The Audit Service is to audit major road projects in the country to ascertain if they were constructed to specification—length, width, depth and materials used—as part of new measures to ensure that public funds allocated for such projects are well-utilised.
Auditor-General, Daniel Domelevo, launching the 2018 Audits in Accra on the theme ‘Accountability: a shared responsibility’ said: “We see roads constructed and within a year they are gone; so, we are going to buy equipment that will enable us to audit road projects across the country to see if they offer the right value for money”.
He added that: “If for instance the bill of quantities says that you should build 200km of maybe 14ft wide, we are going to go the full length of the road with the contractor to see if we are paying for the right specifications.
“We will do this with the contractor and point out our findings: if we find that the contractor has been inconsistent with the practice, then he/she will have to refund some monies back to the state coffers.”
By way of extending its audits-scope to secure government revenue, the Audit Service’s boss said the outfit is currently training a team of auditors on how to assess large taxpaying businesses such as banks, mining firms and industries.
“Another team is being trained on how to assess banks, mining firms and industries. We will only take a sample of these large taxpayers and re-compute their tax liabilities, and then go to GRA to compare notes to see if they tally.”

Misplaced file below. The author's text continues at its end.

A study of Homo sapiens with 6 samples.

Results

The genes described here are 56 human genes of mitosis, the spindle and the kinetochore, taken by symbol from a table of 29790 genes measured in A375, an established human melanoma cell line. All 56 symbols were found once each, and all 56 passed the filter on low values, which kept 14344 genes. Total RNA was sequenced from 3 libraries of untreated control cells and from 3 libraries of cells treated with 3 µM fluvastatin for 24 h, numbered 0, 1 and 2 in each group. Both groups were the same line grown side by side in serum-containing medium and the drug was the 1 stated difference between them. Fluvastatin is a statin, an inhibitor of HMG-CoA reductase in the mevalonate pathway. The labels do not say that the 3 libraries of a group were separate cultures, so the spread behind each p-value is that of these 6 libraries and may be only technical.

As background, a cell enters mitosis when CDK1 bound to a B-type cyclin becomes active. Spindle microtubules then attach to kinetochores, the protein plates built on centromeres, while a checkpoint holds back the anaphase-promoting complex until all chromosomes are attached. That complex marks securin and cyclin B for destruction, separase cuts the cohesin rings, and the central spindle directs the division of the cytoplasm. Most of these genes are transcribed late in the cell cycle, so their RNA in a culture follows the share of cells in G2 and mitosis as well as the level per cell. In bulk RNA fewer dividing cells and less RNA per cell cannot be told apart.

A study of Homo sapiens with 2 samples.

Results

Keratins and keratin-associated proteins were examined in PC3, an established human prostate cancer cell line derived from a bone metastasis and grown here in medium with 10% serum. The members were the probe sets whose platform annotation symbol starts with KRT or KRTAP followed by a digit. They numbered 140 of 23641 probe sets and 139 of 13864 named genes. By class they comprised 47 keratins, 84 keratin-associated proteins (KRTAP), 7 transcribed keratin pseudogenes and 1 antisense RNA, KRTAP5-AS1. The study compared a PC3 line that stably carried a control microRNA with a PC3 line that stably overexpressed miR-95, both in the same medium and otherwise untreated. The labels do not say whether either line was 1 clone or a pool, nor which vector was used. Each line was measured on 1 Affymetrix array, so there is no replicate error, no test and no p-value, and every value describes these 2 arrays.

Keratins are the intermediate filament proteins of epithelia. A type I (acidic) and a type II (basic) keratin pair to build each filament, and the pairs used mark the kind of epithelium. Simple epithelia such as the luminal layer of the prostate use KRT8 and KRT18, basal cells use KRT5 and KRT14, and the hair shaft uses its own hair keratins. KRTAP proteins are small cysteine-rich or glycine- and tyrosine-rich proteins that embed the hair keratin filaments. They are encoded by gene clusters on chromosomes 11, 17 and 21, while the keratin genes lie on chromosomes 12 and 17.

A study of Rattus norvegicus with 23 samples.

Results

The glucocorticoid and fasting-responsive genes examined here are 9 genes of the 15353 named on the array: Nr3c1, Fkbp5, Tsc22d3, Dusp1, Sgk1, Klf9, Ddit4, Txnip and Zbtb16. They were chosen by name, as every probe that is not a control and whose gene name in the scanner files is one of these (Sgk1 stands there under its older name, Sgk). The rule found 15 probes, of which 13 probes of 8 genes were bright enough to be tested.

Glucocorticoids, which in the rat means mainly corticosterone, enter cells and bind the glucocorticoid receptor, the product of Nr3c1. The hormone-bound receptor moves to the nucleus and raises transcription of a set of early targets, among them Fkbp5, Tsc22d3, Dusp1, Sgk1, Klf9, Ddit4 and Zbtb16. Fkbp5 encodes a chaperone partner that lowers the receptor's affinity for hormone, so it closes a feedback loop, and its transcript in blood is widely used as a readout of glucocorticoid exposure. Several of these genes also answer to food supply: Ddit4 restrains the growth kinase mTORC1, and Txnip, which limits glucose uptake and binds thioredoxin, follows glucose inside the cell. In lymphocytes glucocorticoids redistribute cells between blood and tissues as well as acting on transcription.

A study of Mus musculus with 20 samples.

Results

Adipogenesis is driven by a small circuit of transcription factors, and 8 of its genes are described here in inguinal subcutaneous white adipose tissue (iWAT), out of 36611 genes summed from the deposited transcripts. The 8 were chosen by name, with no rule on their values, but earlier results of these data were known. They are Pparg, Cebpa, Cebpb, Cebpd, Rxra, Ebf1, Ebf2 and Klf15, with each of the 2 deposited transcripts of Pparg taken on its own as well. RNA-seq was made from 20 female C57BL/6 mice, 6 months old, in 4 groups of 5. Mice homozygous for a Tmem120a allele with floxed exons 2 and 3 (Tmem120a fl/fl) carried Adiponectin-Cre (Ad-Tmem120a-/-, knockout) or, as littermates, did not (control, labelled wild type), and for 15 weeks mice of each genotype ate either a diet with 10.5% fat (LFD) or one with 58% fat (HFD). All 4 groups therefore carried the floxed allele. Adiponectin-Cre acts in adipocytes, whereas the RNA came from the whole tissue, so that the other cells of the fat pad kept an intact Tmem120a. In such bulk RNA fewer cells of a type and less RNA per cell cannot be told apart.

Audit Service, GRA combine to block leakages
The Audit Service has indicated that it will join forces with the Ghana Revenue Authority (GRA) to block various avenues for revenue-leakage in the public sector.
The initiative, according to the Auditor-General, is in line with its mandate to protect the public purse and help shore-up domestic revenue mobilisation.
The partnership will see the two institutions pool resources to block and recoup monies that are lost through inappropriate public financial management practices.
“We all agree that government is losing a lot of revenue. In public financial management, we find that it is storming at the top but drizzling down below because people in the middle have taken everything.
“People are paying monies which do not get to reach the state’s coffers, so we have agreed to work with the GRA and local authorities to hold revenue collectors accountable and responsible for such losses,” he said.
According to the Auditor-General, Article 187, clause 7 of the constitution empowers the Service to disallow and surcharge persons whose negligence, non-performance or misbehaviour causes the state to lose money.
He added: “It is time we not surcharge only infractions relating to expenditure, but revenue as well. For heads of public institutions who feel that there are some financial management challenges in their outfit, they can draw the Service’s attention to come and look at that area because it is a collective responsibility to protect the public purse”.
Mr. Domelevo said the revenue mobilisation partnership with the GRA extends to monies which come to the country through international trade, as some staff of the Audit Service have undergone training on Customs valuations platforms.
“Our members have been trained on the Customs systems that are used in tax collection. They have been trained on how the warehousing systems work as well as port operations. We can now sit back and assess the system to see if it is bringing in the expected revenues to government,” he remarked.